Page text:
Judging the Constitutionality of Social Cost

July 6th, 2011
At the core of judicial decisionmaking is the constitutionality social cost–the balancing of individual liberty, and the negative externalities to society that may result from exercise of those rights.  In The Constitutionality of Social Cost I explored the constitutional dimensions of the social cost of liberty. In a work in progress, tentatively titled Judging the Constitutionality of Social Cost, I consider how judges judge the constitutionality of social cost (I assure you, my sequels are much better than Michael Bay’s).

This article will sketch out a hierarchy of the lens through which judges view individual liberty interests and social costs.

First, at the most abstract layer, is the definition of the liberty interest vs. the identification of the social costs. This rudimentary analysis, usually accomplished through mere rhetoric, sets the baseline for the understanding of the cost. Judges can either define the right broadly, or narrowly. Judges can expand the right from previous precedents, contract the right from previous precedents, or pretend like nothing has changed, but sub silentio modify the right (a common tact on the Roberts Court, see Barry Friedman’s work on Stealth Overruling). Even the source of the right–originalist, textualist, popular constitutional, or living constitutional–provides a basis to understand the right.

Second, peeling back to the next layer, is the assessment of the value of the liberty interest to the individual vs. the social cost of that liberty to society at large. The value of liberty to the individual is often defined in terms of dignity, autonomy, or the “right to define one’s own concept of existence.” Social costs are discussed broadly in terms of potential crime, violence, and harm to individual, society, to the nation, and even to our Republican form of government.

Third, judges next look to who the individual exercising the liberty is. Specifically, is the nexus between the individual’s exercise of liberty tighly linked, or sufficiently attenuated, from the risk of social costs? Is a Judge willing to pre-emptively limit a constitutional right (think ex ante prior restraint) or is she willing to incur harm to society before clamping down on the liberty interest (ex post). This determination ultimately boils down to the individual’s propensity for violence–is she dangerous?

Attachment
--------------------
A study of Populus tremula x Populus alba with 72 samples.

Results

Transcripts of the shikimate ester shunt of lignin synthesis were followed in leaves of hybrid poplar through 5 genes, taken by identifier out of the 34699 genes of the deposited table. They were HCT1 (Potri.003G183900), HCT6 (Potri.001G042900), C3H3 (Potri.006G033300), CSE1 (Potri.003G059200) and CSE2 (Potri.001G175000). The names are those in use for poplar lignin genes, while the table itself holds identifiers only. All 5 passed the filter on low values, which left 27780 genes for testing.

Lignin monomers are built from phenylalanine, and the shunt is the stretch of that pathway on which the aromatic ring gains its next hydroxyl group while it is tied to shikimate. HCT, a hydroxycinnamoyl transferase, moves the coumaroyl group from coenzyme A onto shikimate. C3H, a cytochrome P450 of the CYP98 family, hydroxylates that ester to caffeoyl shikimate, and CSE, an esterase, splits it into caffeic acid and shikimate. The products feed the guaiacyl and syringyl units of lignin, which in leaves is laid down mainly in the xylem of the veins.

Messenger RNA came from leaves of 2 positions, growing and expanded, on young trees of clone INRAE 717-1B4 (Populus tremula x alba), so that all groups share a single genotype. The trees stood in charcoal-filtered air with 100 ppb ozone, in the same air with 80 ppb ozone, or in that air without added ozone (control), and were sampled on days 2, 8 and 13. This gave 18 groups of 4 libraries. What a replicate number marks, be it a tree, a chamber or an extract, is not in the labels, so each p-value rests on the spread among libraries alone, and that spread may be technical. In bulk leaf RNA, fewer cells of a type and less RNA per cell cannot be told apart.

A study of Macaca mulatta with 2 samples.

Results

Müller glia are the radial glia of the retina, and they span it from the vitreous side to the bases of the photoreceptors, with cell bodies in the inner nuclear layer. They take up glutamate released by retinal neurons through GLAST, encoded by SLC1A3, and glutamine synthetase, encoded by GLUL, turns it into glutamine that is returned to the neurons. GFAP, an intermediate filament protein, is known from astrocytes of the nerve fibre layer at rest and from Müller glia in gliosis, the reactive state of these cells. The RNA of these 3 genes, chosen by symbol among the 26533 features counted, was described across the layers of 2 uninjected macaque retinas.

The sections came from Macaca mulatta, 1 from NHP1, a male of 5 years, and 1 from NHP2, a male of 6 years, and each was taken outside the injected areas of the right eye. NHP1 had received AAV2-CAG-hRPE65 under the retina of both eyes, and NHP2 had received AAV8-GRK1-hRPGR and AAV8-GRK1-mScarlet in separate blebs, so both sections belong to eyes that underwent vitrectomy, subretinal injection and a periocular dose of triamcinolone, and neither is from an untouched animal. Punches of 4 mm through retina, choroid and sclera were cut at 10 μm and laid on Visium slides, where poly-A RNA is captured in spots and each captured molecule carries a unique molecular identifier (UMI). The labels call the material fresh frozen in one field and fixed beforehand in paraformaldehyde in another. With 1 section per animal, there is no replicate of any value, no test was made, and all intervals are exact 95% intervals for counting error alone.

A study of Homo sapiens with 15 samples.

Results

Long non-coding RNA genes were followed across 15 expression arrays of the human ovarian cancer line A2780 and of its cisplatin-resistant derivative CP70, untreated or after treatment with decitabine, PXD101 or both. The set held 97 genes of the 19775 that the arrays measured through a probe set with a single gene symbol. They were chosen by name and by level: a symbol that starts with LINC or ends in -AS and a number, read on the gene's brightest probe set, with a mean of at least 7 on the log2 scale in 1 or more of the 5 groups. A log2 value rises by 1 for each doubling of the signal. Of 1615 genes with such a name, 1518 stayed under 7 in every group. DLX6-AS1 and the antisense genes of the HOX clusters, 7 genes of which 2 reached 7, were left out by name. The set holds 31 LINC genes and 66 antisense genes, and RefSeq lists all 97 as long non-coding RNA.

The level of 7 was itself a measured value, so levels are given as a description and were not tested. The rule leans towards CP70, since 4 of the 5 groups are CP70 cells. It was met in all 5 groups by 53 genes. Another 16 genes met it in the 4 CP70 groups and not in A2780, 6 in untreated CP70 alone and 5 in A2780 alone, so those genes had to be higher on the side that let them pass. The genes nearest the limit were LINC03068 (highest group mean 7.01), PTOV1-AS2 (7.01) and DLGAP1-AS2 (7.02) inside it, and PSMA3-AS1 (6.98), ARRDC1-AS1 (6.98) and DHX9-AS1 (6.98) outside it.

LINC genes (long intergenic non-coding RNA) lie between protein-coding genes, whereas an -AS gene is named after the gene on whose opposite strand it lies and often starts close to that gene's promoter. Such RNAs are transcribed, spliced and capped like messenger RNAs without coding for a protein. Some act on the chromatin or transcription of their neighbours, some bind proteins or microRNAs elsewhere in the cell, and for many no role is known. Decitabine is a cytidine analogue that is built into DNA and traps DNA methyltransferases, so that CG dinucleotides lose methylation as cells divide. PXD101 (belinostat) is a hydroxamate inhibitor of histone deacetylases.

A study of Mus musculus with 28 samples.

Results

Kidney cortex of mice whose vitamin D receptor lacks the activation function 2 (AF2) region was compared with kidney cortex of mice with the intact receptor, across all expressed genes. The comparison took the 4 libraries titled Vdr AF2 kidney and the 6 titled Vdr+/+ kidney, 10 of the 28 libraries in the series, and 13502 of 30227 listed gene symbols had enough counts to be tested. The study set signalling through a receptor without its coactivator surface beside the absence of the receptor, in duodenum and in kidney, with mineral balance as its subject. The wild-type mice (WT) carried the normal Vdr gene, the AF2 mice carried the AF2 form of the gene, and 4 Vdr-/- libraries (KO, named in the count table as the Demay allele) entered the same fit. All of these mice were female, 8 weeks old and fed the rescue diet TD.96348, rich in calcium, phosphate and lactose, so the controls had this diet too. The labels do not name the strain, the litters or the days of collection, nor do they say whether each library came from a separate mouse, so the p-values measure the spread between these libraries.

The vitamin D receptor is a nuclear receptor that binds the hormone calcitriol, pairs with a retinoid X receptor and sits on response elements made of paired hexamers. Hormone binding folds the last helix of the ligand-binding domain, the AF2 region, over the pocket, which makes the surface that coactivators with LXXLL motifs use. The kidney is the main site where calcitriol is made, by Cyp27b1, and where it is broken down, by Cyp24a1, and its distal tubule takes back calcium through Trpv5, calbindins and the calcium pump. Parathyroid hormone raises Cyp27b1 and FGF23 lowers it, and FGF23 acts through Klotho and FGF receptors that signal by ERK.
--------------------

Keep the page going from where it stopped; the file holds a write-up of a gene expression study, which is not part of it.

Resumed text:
Fourth, judges scrutinize the social costs. Judges favoring the liberty interest, exhibit skepticism about the alleged costs (this roughly mirrors traditional strict scrutiny analysis). Judges hung up on the social costs will defer to findings of legislatures, and even experts not involved in the legislative process, in order to focus clearly on these negative externalities. This raises broader questions about the competency of judges to consider empirical data as experts (is it common sense?), and appellate courts taking judicial notice of disputed statistics found in amicus briefs (and even those not submitted in briefs) that were not present in the trial record.

This analysis shows that on different issues, the same Justices take wildly differing views. Awareness of these approaches, at four levels of abstraction, alerts readers of how a particular Justice will treat a particular liberty interest. Gaining a deeper doctrinal understanding of individual liberty and social cost illuminates these disparate views, and permits a sober assessment, and a call for principled, and consistent jurisprudence at the Supreme Court.